By Thrash-head

Meshuggah is a band that for the better part of 20ish years since their recording debut has pretty much stuck to their story. Some missteps here or there (*cough "Nothing,"...the programmed drums on "Catch 33") haven't been enough to derail them, and they've developed their sound over the years from semi-tech thrash, to riff-based odd-time battery, to their current state as an unrelenting aural assault. They seem to be less focused on the odd-time riffs they were known for, and now are far more known for just being in-your-face and for being the supposed forefathers of the latest mainstream heavy music abortion known as "Djent," (yes, this reviewer has a definite opinion on that genre).

Beginning slightly with "Catch 33," escalating heavily with previous masterpiece "Obzen," and now with new release "Koloss," Meshuggah has slowly been leaving the realm of the seemingly odd-time riffage behind. To their own credit, guitarist Fredrick Thordendal has even stated on numerous occasions something to the effect of "the band doesn't play in odd time meters, we just play AROUND the beat of the 4/4 time signature." Thing is, is that the riffage has been getting closer and closer to true 4/4 playing dead on the beat, lengthy though the beats may be. Tunes like "The Demon's Name is Surveillance" display a style reminiscent of "Obzen's" most recognized single "Bleed." The main motif of the tune is extremely intense and doesn't let up even for a split-second. The song "Behind the Sun" brings back a style staple of the band that a lot of times helps to break up any sort of monotonousness that can present itself in a Meshuggah release, that being the rarely-used clean arpeggio...something that the band honestly does so well, yet very sparingly uses, and I believe it is just for this purpose. Tomas Haake is on his damn game on this CD too...absolutely destroying the skins and holding down a hell of a groove, throwing down through this entire damn disc. Same goes for Dick Lovgren and guitarist Marten Hagstrom, and even guitarist Thordenthal is killing it, but I still yearn for far more of the amazing, Holdsworth-esque legato soloing that he used to throw down with reckless adandon.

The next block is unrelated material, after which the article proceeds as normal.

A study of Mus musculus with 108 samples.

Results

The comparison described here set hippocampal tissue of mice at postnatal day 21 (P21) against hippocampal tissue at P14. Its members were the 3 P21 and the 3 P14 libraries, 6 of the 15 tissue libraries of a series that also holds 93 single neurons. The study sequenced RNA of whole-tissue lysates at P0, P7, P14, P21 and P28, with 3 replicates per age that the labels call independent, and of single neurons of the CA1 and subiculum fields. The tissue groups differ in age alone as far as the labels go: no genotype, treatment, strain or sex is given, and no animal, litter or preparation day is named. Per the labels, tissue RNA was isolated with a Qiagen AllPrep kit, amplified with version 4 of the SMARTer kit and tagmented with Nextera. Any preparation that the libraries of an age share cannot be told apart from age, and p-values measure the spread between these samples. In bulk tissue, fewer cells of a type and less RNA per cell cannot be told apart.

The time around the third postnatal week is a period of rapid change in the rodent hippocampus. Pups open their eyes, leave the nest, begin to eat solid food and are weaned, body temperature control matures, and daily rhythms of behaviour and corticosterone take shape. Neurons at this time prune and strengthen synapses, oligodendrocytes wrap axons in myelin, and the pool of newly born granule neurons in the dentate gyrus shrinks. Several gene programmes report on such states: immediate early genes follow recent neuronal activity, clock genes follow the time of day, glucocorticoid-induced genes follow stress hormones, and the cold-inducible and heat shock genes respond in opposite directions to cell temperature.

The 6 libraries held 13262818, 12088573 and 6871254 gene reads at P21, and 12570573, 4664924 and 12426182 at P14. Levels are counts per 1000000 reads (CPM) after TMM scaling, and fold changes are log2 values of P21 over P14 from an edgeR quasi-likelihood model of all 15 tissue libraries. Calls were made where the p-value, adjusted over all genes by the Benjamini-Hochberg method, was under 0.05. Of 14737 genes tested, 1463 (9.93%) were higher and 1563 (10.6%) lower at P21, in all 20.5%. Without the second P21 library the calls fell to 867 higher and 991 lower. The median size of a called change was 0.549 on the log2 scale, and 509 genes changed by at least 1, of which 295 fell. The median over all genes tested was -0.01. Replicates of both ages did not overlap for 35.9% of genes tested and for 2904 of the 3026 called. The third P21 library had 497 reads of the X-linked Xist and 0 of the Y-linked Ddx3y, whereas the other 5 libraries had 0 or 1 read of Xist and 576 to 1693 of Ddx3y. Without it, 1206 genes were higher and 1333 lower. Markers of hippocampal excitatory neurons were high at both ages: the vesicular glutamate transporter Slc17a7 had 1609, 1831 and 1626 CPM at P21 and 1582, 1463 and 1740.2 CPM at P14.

As for vocalist Jens the years of screaming I think is finally starting to shred his vocal cords...I mean, you can HEAR it...REALLY hear it. He has a unique raspiness now that I have never heard before. Truthfully, it makes his voice stand apart from all the others that flat-out attempt to imitate him, and I for one think that's cool.

In all honesty...if you like Meshuggah, you're in for more of the same here. This is a destructive aural force of a band that never gives quarter or mercy, and you know that already. If you've never liked the band, this disc probably won't change your opinion. As I said, it is more of the same that they've been doing, but maybe just a continuation of the slight regression they've undertaken in recent years. It's not a's five Swedes taking a brick to your face for close to 55 minutes. Just how we like it.